A little piece of France was on display in the gymnasium of the International School of Dallas on Saturday. Official polling locations for the French Presidential Election were open from 8A.M. to 6 P.M. in Plano, Austin, and Houston. In Plano, Deputy Consul General, Carl Poirier, administered the poll in compliance with French law — right down to making sure the officially sanctioned election posters appeared in the designated order.
Unlike American citizens living overseas, French citizens aren’t permitted to vote by absentee ballot. Instead, official polling stations are set up all over the world to give French expatriates the opportunity to vote.
Poll officials reported that of the approximately 1,800 French Citizens eligible to vote at the Plano location 512 votes were recorded. These voters from Texas, Arkansas and Oklahoma cast 70% of their ballots for the conservative candidate Nicholas Sarkozy.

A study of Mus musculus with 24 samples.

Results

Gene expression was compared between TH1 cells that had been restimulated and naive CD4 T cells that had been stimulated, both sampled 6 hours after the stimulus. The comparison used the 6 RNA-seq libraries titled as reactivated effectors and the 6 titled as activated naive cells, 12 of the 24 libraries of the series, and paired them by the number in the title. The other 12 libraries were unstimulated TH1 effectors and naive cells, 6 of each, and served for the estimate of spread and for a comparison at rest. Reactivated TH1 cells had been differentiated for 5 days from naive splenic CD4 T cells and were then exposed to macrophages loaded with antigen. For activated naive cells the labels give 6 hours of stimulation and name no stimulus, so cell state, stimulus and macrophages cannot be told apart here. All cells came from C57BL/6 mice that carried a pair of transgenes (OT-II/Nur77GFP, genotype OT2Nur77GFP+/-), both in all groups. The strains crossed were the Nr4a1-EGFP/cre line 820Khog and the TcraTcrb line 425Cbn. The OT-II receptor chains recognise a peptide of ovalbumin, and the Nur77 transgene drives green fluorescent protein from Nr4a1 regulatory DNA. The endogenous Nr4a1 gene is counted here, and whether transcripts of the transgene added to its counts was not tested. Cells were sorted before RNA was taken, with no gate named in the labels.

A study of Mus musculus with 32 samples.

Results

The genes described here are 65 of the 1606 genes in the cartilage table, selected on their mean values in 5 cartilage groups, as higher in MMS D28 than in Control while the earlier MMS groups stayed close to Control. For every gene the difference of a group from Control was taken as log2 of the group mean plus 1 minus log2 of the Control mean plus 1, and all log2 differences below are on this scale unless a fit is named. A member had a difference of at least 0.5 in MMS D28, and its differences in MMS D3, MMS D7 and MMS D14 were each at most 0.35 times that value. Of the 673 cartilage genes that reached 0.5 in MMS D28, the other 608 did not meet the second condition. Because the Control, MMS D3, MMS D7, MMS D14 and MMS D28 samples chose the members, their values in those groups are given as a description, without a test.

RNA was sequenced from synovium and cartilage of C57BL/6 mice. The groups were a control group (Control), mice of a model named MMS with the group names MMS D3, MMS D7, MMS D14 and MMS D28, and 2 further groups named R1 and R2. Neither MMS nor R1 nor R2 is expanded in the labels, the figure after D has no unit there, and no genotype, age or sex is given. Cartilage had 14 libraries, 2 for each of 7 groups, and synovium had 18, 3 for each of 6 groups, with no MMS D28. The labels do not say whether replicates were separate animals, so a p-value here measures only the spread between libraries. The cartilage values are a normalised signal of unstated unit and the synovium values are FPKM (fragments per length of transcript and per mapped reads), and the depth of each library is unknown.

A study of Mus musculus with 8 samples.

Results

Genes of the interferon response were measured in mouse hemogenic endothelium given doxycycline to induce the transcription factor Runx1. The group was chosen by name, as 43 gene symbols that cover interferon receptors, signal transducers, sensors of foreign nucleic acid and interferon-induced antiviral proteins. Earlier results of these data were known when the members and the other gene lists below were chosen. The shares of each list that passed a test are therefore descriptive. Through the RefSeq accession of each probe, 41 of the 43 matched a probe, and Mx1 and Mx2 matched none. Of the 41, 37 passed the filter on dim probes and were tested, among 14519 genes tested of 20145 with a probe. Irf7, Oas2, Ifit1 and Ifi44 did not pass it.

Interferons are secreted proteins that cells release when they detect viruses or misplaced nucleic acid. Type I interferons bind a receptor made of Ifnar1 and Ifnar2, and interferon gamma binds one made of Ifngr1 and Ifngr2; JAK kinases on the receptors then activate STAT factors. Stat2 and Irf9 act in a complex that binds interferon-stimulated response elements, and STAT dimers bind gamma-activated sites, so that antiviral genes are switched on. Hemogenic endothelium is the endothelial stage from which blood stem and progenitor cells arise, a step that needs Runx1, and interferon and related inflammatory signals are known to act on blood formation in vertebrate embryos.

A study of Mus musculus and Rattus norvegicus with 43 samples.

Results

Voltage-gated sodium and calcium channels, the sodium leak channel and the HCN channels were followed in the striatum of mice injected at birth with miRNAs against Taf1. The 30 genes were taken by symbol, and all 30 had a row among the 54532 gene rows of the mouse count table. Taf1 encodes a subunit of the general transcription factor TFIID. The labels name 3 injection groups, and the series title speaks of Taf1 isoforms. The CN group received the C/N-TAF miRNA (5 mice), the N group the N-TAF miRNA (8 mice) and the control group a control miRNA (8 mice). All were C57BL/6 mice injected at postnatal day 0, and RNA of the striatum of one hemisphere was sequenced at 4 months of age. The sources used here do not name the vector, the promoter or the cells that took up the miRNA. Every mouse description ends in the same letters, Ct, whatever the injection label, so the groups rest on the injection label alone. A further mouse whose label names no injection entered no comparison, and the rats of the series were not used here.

Themes that might resonate with US voters emerged in an exit poll including, anxiety about taxes, morality, and partisan politics (framed as left vs. right). Concerns about the effect of the election ranged from its impact on “global dynamics” as expressed by Douchka Lecot of Dallas to “increasing the number of consular staff” reported by Marie Jones of Denton.
There was a pervasive attitude of citizenship and connection with country that would make the heart of a civics teacher swoon. After a long pause, Viviane Ajarrista said, “Voting is so important that we don’t even consider why it is so important.” Indeed, Viviane and her husband drove 10 hours round trip from Little Rock, AR to vote. Some were compelled to polls by an even stronger instinct: maternal guilt. Several young women admitted that lobbying from maman in France was their motivation for voting.
On a quiet residential street shared with private schools and churches, conspicuously dressed citoeyennes expressed a bond with their country; and in some cases with their mamans.